For patients with psychiatric conditions, illness severity and instability are key factors in predicting future risk of hospitalization, according to a new study by Holmusk, a leading behavioral health real-world evidence and data analytics company, that has been published in The Lancet Psychiatry. The study, which was enabled by Holmusk’s NeuroBlu Database, could prove useful across the behavioral health care and research ecosystem, from facilitating early intervention to supporting the development of more targeted treatments.
The research was conducted using Holmusk’s NeuroBlu Database, a real-world data source that contains longitudinal, de-identified data from the electronic health records of more than 1.4 million patients receiving care for behavioral health conditions at over 30 health systems across the U.S. Researchers examined the associations among clinical severity, instability, and psychiatric hospitalization, producing the first study to explore whether early clinical trajectory serves as a predictor of psychiatric hospitalization across diagnoses. In addition to publication in the peer-reviewed The Lancet Psychiatry, findings from the study also have been presented in recent weeks at Academy of Managed Care Pharmacy’s annual meeting, held this year in San Antonio, and at the annual European Congress of Psychiatry, held this year in Paris.
“Our vision in creating the NeuroBlu Database was to provide the gold standard for behavioral health real-world data,” said Nawal Roy, Founder and CEO of Holmusk. “Findings like these validate that this vision is being realized. Even more importantly, they underscore the importance of developing standardized measures across behavioral health care in order to improve patient care and outcomes.”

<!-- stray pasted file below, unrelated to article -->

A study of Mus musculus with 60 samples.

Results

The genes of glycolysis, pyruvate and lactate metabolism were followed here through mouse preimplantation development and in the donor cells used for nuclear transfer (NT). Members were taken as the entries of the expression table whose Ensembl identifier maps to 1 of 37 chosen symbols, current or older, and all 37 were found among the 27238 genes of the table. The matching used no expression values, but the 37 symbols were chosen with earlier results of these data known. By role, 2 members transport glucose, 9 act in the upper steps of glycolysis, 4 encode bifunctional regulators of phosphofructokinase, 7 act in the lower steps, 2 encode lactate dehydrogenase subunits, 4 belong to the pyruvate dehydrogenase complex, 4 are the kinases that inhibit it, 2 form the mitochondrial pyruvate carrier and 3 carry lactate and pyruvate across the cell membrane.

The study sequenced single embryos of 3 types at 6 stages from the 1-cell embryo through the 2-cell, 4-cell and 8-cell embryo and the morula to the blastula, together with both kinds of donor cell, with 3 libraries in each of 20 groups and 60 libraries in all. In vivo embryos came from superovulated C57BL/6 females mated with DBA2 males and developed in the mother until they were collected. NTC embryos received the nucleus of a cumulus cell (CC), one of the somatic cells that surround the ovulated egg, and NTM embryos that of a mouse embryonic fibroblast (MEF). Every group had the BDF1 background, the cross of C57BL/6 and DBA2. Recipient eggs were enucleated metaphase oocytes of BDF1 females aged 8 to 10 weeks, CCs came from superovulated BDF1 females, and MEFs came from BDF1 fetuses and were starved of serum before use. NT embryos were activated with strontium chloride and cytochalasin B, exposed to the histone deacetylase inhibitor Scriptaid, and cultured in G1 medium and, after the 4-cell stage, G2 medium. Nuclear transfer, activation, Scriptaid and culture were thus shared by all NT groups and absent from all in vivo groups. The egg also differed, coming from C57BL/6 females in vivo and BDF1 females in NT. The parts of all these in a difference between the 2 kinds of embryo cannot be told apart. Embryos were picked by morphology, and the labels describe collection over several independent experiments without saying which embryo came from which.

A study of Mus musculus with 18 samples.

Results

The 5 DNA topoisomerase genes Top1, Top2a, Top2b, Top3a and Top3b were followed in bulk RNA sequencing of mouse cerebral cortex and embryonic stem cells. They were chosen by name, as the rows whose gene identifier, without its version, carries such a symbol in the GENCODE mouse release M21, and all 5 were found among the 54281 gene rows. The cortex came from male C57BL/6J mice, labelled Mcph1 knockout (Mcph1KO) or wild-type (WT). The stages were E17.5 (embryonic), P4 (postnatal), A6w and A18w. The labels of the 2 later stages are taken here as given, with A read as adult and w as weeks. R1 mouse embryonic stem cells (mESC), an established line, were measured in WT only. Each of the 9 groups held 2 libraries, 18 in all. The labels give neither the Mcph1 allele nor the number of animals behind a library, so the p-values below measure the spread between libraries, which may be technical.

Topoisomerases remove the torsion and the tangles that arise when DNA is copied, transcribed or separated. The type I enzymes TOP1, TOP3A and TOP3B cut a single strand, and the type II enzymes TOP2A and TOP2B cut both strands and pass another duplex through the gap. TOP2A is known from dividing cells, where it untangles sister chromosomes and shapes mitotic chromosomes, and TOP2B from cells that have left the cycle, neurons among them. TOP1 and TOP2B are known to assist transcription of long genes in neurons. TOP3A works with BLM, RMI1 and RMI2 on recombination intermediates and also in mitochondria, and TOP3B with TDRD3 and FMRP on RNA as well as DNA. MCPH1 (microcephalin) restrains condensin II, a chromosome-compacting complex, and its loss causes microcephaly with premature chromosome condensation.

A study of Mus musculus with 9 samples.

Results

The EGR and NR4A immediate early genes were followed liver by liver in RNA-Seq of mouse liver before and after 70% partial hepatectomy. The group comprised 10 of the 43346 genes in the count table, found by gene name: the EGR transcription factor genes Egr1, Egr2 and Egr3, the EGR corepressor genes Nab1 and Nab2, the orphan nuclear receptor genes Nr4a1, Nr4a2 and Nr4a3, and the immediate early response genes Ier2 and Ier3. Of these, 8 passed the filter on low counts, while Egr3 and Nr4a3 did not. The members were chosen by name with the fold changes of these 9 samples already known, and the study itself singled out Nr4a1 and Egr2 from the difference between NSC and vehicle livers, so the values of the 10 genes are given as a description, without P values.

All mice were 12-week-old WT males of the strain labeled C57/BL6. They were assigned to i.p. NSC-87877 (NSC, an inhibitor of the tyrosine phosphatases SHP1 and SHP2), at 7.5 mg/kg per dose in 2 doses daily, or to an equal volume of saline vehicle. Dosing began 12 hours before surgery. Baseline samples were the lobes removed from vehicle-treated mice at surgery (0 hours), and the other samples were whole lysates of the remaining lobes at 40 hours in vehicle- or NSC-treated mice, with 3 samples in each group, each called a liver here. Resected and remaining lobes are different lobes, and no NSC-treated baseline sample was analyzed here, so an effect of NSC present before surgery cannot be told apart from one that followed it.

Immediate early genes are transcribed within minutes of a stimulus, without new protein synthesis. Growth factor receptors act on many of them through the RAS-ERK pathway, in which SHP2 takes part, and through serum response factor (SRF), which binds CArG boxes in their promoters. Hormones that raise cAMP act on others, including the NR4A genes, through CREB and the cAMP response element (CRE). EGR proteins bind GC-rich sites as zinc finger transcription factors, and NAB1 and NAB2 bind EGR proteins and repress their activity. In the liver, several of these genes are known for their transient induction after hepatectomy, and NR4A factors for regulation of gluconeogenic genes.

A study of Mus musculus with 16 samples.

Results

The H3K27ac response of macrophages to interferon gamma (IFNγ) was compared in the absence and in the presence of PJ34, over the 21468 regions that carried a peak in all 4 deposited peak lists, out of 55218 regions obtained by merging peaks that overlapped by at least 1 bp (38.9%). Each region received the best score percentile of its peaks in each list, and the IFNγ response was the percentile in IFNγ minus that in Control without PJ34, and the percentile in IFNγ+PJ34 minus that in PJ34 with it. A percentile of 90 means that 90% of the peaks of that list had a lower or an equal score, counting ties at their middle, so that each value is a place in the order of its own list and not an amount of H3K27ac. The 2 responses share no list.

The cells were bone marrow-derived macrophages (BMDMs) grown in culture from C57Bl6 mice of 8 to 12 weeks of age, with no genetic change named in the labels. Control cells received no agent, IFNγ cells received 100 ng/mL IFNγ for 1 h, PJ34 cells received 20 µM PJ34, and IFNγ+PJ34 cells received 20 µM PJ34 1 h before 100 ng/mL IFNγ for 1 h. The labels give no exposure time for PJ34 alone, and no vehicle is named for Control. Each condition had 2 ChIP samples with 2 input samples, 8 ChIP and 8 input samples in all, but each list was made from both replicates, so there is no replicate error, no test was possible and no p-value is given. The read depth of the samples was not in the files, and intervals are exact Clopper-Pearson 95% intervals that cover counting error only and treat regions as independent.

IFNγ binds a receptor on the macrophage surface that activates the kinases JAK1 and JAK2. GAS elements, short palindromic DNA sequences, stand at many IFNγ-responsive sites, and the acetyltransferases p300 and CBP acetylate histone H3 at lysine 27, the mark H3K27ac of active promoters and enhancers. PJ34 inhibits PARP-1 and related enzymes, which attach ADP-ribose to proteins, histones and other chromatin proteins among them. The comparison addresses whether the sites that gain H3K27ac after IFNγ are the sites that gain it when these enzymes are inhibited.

The research team, led by clinical psychiatrist and University of Oxford senior research fellow Maxime Taquet, found that patients who experienced severe illness and instability within the first two months of their clinical encounters had a significantly higher risk of psychiatric hospitalization within six months. In fact, patients ranking in the top half for clinical severity and instability had a 45% increased risk of hospitalization. Researchers used scores from the Clinical Global Impression Severity scale (CGI-S) to measure both clinical severity and instability.
The study, which included over 36,000 patients, also found that this association remained consistent across a wide range of diagnoses, including major depressive disorder, bipolar disorder, schizophrenia, post-traumatic stress disorder, and other behavioral health conditions. The association was seen in both adults and children, and in both men and women. To further establish the strength of the association, researchers replicated the analysis with a different group of patients, this time using the patient-reported outcome measure Patient Health Questionnaire (PHQ-9). Their findings complemented results from the original analysis.
“Holmusk’s NeuroBlu Database is an invaluable resource whose real-world data made this analysis possible,” Taquet said. “Not only does the NeuroBlu Database include frequently collected psychometric scales, such as the CGI-S used in this study, but it also includes longitudinal data across diverse treatment centers, including emergency rooms and hospitals. The completeness of this EHR-derived data enabled us to examine patients’ clinical journeys and determine whether they had been admitted to the hospital within the first six months after initiating care.”
The research has implications for many areas across the behavioral health ecosystem. In clinical practice, providers could use severity and instability to aid in making decisions, such as which patients might benefit from intensive interventions. Hospitals and health systems could use this information in planning provision of care, such as predicting need for psychiatric hospital beds. Finally, researchers could use these findings to accelerate the development of new interventions that aim to prevent hospitalization or to help recruit specific patient cohorts based on their hospitalization risk.
Additional authors of the paper include Holmusk contributors Kira Griffiths, Emily Palmer, Sheryl Ker, and Christian Liman, as well as former Holmusk contributors Soon Nan Wee, Scott Kollins, and Rashmi Patel. In addition to his role at University of Oxford, Taquet has a consultancy contract to conduct research at Holmusk.
The full study is available here. To learn more about Holmusk’s NeuroBlu Database, visit neuroblu.ai.
This press release was originally distributed via PR Newswire.